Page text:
Massimo Luongo helped QPR to a controversial win. (AFP PHOTO/GLYN KIRK)
Roar Pro
18th September, 2014
44
1769 Reads

If Greg Dyke of the English Football Association has his way, the overseas pathway for young Australian footballers is about to become a lot more difficult.

The Guardian reports that the FA has developed proposals that will ban Football League clubs from “signing non-EU players altogether,” while banning Premier League clubs from sending them out on loan. The reason? Preventing mediocre foreigners from swamping home-grown English talent.

To balance these rules, the FA is making it easier for top internationals from non-EU countries to play in England. Rather than having to play 75 per cent of matches in the past two years, for a top-30 ranked country, the limit has been lowered to 30 per cent.

From the English perspective, one could argue that this will merely increase the footballing arms race between the top clubs. To gain an edge, clubs will sign more top-30 players and possibly promote even less English talent as the stakes get higher. A lot more spending and a lot more unsuccessful World Cup campaigns.

From the Australian perspective, as a non-EU nation currently ranked outside the top 30 and with little prospect of returning soon, it is easy to see how these proposals could be disastrous.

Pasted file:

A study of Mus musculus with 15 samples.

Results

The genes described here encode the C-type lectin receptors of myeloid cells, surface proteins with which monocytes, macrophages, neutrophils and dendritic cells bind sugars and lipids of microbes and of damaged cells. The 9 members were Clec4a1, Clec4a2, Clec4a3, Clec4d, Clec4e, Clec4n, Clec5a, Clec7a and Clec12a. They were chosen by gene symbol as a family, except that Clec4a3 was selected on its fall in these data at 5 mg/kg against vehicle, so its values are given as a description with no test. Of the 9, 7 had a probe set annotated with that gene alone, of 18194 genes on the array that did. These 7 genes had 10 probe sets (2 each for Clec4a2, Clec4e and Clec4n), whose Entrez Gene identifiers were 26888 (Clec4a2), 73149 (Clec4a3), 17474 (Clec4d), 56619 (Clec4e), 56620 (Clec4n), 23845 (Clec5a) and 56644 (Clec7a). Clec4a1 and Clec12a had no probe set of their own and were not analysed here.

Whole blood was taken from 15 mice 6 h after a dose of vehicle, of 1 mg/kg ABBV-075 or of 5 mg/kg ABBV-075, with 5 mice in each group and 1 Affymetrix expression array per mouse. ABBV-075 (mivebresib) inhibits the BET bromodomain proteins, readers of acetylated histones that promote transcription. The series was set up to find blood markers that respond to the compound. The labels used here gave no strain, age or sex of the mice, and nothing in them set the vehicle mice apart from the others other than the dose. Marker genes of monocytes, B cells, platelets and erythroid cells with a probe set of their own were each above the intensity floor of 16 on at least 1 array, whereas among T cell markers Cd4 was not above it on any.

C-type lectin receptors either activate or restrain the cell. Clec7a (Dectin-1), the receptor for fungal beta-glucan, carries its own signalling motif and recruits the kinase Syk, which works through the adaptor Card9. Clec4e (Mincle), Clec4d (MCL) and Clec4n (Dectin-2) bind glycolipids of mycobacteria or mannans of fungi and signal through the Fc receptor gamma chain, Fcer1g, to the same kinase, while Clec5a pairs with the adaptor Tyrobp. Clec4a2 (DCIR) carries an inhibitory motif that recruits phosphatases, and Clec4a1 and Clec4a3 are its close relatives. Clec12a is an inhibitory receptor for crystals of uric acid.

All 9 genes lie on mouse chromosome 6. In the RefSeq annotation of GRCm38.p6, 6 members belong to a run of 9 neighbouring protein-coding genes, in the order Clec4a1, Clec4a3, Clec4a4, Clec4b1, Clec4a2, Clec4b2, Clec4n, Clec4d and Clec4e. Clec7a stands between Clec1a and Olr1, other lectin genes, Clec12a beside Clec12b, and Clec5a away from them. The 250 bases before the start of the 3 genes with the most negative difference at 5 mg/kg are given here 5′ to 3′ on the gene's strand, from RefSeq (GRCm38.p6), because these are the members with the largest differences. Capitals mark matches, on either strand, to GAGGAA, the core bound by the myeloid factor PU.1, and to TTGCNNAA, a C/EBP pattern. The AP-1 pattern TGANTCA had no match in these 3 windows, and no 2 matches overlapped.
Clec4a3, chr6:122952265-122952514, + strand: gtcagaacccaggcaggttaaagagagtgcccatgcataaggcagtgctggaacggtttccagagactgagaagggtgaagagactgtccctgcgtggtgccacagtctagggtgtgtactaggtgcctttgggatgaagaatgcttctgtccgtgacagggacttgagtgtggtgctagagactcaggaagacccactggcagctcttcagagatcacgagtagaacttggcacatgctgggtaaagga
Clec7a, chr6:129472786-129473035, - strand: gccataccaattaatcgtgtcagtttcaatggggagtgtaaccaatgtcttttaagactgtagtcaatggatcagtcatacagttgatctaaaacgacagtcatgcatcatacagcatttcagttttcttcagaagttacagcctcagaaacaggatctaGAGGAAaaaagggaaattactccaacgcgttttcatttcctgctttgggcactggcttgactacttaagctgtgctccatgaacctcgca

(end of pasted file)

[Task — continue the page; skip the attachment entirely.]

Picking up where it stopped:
Consider the Socceroos line-up against Saudi Arabia. Where would Bailey Wright be without Preston North End? Where would Massimo Luongo be without Swindon? Had he not been allowed to sign for League One side Bristol City, would Gus Hiddink have turned Luke Wilkshire into an 80-cap Socceroo?

And the list hardly ends there. Adam Taggart would not be currently pursuing his footballing dreams at Fulham, as Adrian Leijer did before him. Even our captain, Mile Jedinak, would not have been allowed to sign for then-Championship side Crystal Palace and develop into the leader and player he is today.

While some disdain the quality of the English game and prefer that our youth head to Germany or the Netherlands to develop their craft, there can be no denying that the English pathway has been crucial to developing the games of many a Socceroo, both past and present.

The lower leagues offer a tough, uncompromising brand of football, and the constant pressure of relegation reinforces accountability and discipline that the A-League as yet cannot provide. And the familiarity of playing in an English-speaking country can be a great comfort for young lads away from home.